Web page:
September 30, 2014

Braves should be Cautious of a ‘Braves’ Way’

The more I hear about the Braves’ firing of Frank Wren, the more I get concerned about the Braves merely trying to recreate the John Schuerholz/Bobby Cox years instead of being open to anything and everything that would help the team win and the franchise to return to more consistent greatness.  But the Braves franchise had a lot going for it back then besides having a great general manager and a great field manager.  Schuerholz and Cox taking too much credit for the franchise’s success and trying to get a general manager in their molds could be a dangerous thing for the Braves.

It sounds like Cox and Schuerholz, because of their success, almost think they are the Braves and bigger than the franchise. It’s understandable. I’d imagine it’s hard to not be a little bit arrogant if you were at the helm for such a huge turnaround for a franchise. But hopefully they realize that they didn’t built it alone. There is a lot of luck in landing three Hall of Fame pitchers, making moves that usually worked out for the best, and having the resources to keep the best players for as long as the did.  Of course they deserve plenty of credit.  There’s no denying their results and Hall of Fame credentials.  But even the best GMs and managers don’t build successful franchises alone.

They may need someone to come along to instill the idea that winning and building a great franchise is bigger than the “Braves’ Way,” Cox, or Schuerholz.  But, with absentee ownership, it feels like maybe the inmates are running the asylum.  There is no strong voice above Cox and Schuerholz who wants to win like a fan and has the power to do something about it.  There’s no one to force the baseball folks to focus on winning rather than thinking they can do so simply by trying to recreate the Cox/Schuerholz’s years.  There’s no one to encourage examination of “The Braves’ Way” (to the degree that such a thing exists), taking the most reliable aspects of it, discarding the rest and replacing it with what is reliable.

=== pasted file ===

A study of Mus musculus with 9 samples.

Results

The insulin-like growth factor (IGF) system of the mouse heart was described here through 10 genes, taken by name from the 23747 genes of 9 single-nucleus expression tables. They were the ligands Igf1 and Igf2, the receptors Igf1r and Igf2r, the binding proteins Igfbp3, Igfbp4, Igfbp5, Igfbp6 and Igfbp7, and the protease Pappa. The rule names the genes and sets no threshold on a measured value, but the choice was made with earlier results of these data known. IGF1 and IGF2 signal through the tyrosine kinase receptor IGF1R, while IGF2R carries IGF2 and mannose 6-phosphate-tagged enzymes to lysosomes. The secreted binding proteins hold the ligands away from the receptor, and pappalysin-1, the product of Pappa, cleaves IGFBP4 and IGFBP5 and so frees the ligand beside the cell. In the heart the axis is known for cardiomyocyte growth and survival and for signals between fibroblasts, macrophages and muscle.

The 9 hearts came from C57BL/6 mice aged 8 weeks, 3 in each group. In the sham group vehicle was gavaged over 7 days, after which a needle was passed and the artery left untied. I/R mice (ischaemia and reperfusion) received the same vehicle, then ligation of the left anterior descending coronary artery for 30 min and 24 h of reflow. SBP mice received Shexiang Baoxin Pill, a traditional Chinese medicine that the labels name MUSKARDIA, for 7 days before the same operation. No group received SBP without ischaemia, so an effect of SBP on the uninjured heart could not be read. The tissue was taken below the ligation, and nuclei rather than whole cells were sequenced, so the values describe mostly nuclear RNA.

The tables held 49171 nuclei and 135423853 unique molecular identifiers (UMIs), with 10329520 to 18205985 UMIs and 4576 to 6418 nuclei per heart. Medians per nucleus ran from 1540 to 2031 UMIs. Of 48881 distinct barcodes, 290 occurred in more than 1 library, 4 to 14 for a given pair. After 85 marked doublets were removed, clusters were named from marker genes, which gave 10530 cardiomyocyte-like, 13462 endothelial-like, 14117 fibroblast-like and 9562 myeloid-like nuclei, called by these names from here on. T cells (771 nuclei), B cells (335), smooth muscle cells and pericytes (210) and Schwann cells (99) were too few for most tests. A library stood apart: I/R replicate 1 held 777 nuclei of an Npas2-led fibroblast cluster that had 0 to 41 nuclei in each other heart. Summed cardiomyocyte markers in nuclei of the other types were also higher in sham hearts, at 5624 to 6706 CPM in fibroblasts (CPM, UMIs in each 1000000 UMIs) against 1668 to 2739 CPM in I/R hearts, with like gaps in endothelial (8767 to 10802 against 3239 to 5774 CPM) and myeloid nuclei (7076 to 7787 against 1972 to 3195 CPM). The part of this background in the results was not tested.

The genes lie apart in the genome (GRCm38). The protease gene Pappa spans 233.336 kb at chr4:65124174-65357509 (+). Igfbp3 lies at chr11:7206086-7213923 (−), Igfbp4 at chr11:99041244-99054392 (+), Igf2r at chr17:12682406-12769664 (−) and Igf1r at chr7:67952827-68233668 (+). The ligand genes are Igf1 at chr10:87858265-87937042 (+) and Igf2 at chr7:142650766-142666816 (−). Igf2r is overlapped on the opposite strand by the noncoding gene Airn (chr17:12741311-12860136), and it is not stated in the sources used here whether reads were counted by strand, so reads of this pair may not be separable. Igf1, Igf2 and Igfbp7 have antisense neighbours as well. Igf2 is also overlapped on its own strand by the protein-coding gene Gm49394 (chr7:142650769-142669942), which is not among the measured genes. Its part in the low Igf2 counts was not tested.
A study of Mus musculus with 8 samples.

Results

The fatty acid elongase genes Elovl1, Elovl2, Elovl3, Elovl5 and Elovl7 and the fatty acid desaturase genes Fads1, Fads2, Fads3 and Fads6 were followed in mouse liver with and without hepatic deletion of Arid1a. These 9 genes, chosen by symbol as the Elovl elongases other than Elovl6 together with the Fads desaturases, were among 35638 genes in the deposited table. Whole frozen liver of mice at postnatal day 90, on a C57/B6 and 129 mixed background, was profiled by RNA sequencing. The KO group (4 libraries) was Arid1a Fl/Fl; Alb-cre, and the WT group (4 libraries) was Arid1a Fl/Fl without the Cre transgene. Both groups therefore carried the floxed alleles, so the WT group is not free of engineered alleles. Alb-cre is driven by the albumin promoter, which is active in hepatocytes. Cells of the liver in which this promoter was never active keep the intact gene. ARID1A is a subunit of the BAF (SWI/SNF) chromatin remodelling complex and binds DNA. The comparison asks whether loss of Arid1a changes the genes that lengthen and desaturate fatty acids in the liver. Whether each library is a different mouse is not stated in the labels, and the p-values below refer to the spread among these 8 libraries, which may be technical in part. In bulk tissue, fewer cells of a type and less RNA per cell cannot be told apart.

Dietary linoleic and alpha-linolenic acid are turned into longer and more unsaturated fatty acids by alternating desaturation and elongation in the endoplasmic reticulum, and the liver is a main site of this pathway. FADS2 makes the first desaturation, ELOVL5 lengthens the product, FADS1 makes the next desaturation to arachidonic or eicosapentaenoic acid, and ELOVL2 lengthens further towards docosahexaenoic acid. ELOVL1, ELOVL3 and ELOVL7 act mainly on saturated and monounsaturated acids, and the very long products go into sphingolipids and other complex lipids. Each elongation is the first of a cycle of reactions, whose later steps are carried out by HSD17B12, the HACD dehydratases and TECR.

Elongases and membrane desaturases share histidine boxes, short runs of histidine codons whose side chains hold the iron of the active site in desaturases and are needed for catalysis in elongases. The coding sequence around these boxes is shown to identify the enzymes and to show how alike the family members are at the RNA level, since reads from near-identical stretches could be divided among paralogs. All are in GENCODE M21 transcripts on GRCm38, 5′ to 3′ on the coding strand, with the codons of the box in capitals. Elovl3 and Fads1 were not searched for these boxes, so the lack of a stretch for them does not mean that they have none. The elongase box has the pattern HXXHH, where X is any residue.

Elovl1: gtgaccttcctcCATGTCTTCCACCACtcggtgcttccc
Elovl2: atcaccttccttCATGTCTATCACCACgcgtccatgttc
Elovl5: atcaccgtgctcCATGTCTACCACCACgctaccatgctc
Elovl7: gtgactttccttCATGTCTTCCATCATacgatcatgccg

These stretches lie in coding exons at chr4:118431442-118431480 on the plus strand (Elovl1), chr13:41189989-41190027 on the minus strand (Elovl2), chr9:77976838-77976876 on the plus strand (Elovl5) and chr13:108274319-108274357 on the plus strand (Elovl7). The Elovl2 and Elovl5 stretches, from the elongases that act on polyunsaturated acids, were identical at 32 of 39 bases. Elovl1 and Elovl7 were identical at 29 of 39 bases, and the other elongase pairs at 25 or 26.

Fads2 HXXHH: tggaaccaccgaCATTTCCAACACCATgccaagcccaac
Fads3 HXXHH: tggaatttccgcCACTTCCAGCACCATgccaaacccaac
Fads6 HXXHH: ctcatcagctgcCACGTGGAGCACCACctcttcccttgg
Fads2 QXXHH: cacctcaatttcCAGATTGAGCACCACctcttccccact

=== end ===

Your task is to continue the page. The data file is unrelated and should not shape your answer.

Of course a real person or group of real people as owner(s) as opposed to a faceless corporation doesn’t guarantee success.  Ted Turner’s Braves and George Steinbrenner’s Yankees weren’t successes until they had the right people in charge and they trusted them with the baseball operations.  But in the Braves’ current situation, it would be good to have someone keeping the baseball operations people from getting stuck on their own ways (consciously or not) over winning and building a solid franchise.  Of course it’s unlikely the Braves’ ownership situation will change anytime soon.  This is more an expression of the problem rather than a solution.

The good news is that John Hart is in the mix.  Hart’s disciples include Jon Daniels, Dan O’Dowd, Josh Byrnes, Mark Shapiro, Neal Huntington, Paul DePodesta, and Chris Antonetti, kind of a who’s who of the best and the brightest in baseball over the past decade.  And Schuerholz does seem to put a lot of stock in Hart’s opinions and views of the direction the franchise should take.  Hart may be the best guy out there who has both experience at the highest levels of building a franchise and believes in a mix of scouting, player development, and sabermetrics.  He may have been the first guy to bridge the gap within the game between old school and new school (for lack of better terms).  If Hart has most of the power in the GM choice and pointing things in the right direction, that does a lot to alleviate concerns.